Tuesday, May 25, 2010 by Michael Kanin

When the franchise agreements for Austin Cab and Yellow Cab are renewed at Thursday’s Council meeting, it will likely mark the last time those deals go through without major changes. That’s because Council members Bill Spelman, Laura Morrison, and Chris Riley plan to offer a companion resolution to begin a review process that would end in an overhaul of the contracts.


The resolution will instruct City Manager Marc Ott to work with a stakeholder group already established by the Council to “develop recommendations on: taxicab key performance indicators; capping fees charged by franchises to the drivers, including but not limited to terminal fees, to a maximum percentage each year; and (a) revised methodology for authorizing franchise agreements.”


Spelman told In Fact Daily that the resolution “makes it a lot easier for me to go along (with the franchise renewals).”


The resolution further directs stakeholders to “specifically explore” a set of prescribed performance indicators, including:

  • Performance measures currently collected by the Austin Transportation Department;
  • Use of biofuels, renewable fuels, or hybrid technology in franchise fleets;
  • Percentage of driver-owners in franchise;
  • Percentage of drivers leasing more than one permit;
  • Customer service data, including time between service calls and pick-ups;
  • Growth rate of fees charged to drivers by the franchises; and
  • Other indicators, as necessary.

According to Transportation Regulatory Manager Morris Poe, the city currently collects no performance data on any of its taxicab franchises. It does, however, ask for monthly travel statistics such as number of trips and total amount of fares.


As for the driver fee cap, it is likely to be set somewhere between 2 and 2.5 percent. That move would allow for an inflation adjustment, while not consuming an overly burdensome portion of the pending fare hike.


The stakeholder group will also be asked to look at the “methodology of franchise authorization”—in lay terms, the way that the city awards its franchise agreements. Specifically, the resolution directs them to examine: “various procurement options, including request for proposals; various agreement types that enable franchises and the city to achieve customer service, community value, and driver working conditions goals; and integration of key performance indicators as a standard for continued franchise authorization.”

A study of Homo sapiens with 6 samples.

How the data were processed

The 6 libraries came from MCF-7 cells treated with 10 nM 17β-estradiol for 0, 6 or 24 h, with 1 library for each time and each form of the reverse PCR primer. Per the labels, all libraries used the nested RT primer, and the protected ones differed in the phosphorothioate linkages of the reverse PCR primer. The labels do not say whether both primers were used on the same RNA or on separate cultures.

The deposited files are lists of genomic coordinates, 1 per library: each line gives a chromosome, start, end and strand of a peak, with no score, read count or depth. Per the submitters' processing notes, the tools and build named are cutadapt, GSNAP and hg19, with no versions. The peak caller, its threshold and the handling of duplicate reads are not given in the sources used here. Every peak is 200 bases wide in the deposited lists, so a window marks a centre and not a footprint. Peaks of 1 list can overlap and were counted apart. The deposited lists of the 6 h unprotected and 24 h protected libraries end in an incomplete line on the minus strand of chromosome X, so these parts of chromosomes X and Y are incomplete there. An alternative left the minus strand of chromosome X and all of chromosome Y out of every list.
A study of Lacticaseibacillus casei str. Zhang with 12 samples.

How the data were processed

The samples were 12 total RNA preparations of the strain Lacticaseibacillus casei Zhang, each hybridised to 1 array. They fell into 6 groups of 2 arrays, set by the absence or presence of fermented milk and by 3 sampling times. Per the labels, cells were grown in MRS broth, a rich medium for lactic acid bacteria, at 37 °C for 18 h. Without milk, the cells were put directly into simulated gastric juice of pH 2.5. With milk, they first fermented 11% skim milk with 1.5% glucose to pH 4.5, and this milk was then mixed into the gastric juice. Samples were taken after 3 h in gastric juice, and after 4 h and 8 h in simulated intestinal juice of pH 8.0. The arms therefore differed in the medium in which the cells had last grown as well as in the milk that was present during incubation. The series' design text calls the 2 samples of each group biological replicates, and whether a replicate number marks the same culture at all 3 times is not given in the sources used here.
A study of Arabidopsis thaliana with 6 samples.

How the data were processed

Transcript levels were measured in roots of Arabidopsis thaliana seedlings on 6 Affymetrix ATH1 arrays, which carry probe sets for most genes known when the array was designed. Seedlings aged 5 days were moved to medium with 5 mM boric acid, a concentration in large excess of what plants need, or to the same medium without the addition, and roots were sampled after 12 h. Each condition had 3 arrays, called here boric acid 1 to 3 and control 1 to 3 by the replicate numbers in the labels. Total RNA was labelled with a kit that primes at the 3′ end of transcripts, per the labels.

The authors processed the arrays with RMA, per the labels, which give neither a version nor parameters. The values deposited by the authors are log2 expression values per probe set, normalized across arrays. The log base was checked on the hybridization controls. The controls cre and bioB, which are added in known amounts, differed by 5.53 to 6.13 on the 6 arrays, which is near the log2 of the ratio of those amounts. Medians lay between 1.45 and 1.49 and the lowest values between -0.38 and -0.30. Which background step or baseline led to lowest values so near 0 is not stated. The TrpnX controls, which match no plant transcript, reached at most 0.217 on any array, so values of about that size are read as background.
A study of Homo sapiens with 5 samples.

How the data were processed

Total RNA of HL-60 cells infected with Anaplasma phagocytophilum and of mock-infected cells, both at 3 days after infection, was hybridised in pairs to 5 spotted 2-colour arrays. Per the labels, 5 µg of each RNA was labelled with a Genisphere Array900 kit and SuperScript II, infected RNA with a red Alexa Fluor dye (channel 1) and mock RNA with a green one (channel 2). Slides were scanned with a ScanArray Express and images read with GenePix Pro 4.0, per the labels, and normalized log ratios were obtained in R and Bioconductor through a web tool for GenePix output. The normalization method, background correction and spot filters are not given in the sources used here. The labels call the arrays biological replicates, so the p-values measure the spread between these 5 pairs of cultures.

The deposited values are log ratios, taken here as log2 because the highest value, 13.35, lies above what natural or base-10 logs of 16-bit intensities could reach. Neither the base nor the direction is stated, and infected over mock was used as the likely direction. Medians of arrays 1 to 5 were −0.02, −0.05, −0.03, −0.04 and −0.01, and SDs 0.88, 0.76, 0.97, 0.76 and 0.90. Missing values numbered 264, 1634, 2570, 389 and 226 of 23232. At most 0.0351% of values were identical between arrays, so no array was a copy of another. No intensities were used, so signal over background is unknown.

A request for proposal component would add a competitive factor to what has become a rather staid process. With it, officials could see an increase in fleet environmental concern, and quality of service through the market-driven use of a bidding mechanism.


Though the concept of permit portability—the ability of drivers to transfer their hack licenses between companies—was batted around, Spelman decided that that issue was better left for next time. “Literally no city that has a franchise-based (taxi service) has figured out a way to do portability yet,” he said.


In the next franchise cycle, portability may be joined by a proposal that would hold 10 percent of a taxicab franchise’s allotted permits in reserve. Later, after performance factors are taken into account, that idea would have the city redistribute the reserve permit pool among the highest scoring firm or firms.


Though at least one Council member had tried to push for the reserve, they were told by city lawyers that such a concept would have to be enacted at the beginning of a new franchise agreement. With five years to go before franchise alignment, that would put the earliest date for such implementation at 2015.


However, the Law Department has told Spelman that action on the caps and performance indicators could be achieved through city ordinance—a factor that would allow regulation to take place outside of the existing franchise agreements. In that case, legislation could be ready by Jan. 1, 2011.